Rabira
100%
  • $1,500 raised, $0 to go
$1,500
raised
$0
to go
Fully funded
Rabira's treatment was fully funded on September 13, 2015.
November 4, 2015

Rabira did not receive surgery as planned.

Our medical partner, African Mission Healthcare Foundation, shares: “Rabira was scheduled to undergo an anorectoplasty to treat anorectal malformation.” However, in Rabira’s pre-operative appointment, doctors found that in addition to his anorectal malformation, Rabira also has a heart disease. Because the condition was just discovered, Rabira’s surgeon decided not to risk administering anesthesia at this time.

Rabira’s surgery has been cancelled for now, but when he is eligible for surgery, he will be re-eligible for Watsi funding.

Our medical partner, African Mission Healthcare Foundation, shares: "Rabira was scheduled to undergo an anorectoplasty to treat anorectal ma...


Meet Rabira, an eight-year-old son of peasant farmers from Ethiopia. Our medical partner, African Mission Healthcare Foundation (AMHF), explains: “Rabira was born with a condition called ‘imperforated anus.’ For the last eight years he has lived with a colostomy that enables him to pass stool.”

Also known as anorectal malformation (ARM), Rabira’s condition involves a blockage of stool flow and/or an incorrect alignment of the anus and rectum. Although Rabira has a colostomy, meaning that his colon is linked to an artificial opening so that he can effectively pass stool, his treatment is not complete. ARM still causes vomiting, pain, bloating, and malnutrition, and there is a stigma surrounding it. “Rabira has suffered from social stigma and colostomy complications,” AMHF reports.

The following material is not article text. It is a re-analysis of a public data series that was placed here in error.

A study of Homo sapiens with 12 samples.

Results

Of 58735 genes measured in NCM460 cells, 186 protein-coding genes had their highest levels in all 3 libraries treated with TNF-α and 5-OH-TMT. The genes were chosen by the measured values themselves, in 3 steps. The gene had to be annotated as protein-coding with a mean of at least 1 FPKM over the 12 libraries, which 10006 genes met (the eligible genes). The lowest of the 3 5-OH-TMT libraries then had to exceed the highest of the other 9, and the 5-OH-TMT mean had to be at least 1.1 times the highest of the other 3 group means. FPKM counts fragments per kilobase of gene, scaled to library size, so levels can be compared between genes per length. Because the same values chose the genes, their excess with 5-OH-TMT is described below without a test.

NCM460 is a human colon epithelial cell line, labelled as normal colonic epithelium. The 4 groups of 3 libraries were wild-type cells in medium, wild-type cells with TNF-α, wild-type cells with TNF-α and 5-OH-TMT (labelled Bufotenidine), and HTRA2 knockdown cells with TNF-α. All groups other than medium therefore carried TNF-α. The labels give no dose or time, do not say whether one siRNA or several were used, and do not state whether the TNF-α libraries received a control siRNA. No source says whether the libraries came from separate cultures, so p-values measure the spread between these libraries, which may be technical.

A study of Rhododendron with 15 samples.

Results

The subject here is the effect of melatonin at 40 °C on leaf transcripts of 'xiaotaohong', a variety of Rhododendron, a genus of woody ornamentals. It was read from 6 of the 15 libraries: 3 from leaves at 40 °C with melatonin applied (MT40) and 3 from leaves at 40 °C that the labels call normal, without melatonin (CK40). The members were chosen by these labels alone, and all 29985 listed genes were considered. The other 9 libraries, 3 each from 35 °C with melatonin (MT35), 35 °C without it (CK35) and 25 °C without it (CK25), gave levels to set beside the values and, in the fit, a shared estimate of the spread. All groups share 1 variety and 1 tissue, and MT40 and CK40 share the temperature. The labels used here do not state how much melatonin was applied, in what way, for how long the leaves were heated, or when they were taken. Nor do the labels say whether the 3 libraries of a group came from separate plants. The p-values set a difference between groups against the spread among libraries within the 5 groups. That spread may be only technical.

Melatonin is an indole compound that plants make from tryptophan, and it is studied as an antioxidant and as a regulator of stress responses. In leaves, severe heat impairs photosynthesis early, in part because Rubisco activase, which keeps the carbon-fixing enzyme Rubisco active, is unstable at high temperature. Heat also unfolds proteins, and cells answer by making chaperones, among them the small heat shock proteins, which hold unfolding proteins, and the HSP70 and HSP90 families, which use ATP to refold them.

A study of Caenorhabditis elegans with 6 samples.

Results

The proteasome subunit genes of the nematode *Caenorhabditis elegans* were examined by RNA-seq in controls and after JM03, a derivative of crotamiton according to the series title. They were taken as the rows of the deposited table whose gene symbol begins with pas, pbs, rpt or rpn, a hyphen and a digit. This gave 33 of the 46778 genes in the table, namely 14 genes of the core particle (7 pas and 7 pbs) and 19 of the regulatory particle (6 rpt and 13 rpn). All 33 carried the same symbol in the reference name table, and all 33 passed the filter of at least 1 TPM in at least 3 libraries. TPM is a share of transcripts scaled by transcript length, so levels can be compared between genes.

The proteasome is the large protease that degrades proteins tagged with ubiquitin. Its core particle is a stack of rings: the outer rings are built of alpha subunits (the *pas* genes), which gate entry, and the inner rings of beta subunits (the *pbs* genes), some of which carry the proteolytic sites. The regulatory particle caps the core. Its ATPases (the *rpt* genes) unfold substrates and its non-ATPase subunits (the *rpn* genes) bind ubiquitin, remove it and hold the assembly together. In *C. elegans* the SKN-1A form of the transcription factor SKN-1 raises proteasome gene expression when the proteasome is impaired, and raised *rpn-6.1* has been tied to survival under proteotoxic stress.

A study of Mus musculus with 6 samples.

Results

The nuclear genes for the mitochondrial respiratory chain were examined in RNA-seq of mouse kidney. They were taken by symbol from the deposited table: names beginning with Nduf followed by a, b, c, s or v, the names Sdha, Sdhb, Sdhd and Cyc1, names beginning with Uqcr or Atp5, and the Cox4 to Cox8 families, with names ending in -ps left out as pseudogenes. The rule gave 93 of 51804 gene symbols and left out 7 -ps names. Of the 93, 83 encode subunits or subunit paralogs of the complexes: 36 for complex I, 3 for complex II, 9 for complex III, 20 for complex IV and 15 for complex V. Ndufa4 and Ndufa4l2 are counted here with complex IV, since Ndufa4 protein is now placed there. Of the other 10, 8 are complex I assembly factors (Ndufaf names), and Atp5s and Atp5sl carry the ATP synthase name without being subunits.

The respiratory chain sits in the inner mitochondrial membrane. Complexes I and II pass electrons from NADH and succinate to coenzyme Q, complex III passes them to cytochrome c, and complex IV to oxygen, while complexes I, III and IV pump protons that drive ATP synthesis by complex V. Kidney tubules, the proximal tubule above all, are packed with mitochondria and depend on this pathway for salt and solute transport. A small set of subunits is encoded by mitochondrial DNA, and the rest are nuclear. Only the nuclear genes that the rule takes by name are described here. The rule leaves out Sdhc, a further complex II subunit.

“[Rabira’s parents] do not have any money to cover any amount of the bills that Rabira’s treatment will generate. That is why he has endured all these years without receiving treatment.” AMHF continues, “[They] are very eager to send him to school once he is cured.”

This will be possible for $1,500, with which a new anal opening will be created. According to AMHF, “Rabira will undergo a PSARP (the next step following a colostomy) and then two to three months from now he will undergo the final stage of the surgery (colostomy closure).”

After surgery, “Rabira will be able to pass stool normally. He will have a chance to attend school, work towards his dreams, and will no longer be under social stigma,” AMHF shares.

Furthermore, the discomfort caused by this condition will decrease dramatically, further improving Rabira’s quality of life.

“Rabira wants to be a ball player but he has a very hard time playing with his peers because of the colostomy. He hopes to be able to play and go to school once he is well,” AMHF tells us.

Meet Rabira, an eight-year-old son of peasant farmers from Ethiopia. Our medical partner, African Mission Healthcare Foundation (AMHF), expl...


  • August 19, 2015
    PROFILE SUBMITTED

    Rabira was submitted by Beatrice Njoroge, Curative Medical Support Program Coordinator at African Mission Healthcare.

  • August 21, 2015
    TREATMENT SCHEDULED

    Rabira was scheduled to receive treatment. Medical partners often provide care to patients accepted by Watsi before those patients are fully funded, operating under the guarantee that the cost of care will be paid for by donors.

  • September 1, 2015
    PROFILE PUBLISHED

    Rabira's profile was published to start raising funds.

  • November 4, 2015
    FUNDING ENDED

    Rabira is no longer raising funds.

  • November 4, 2015
    TREATMENT UPDATE

    Rabira's treatment did not happen. Read the update.

Funded by 40 donors

Funded by 40 donors

Meet another patient you can support

100% of your donation funds life-changing surgery.

Meet another patient you can support

100% of your donation funds life-changing surgery.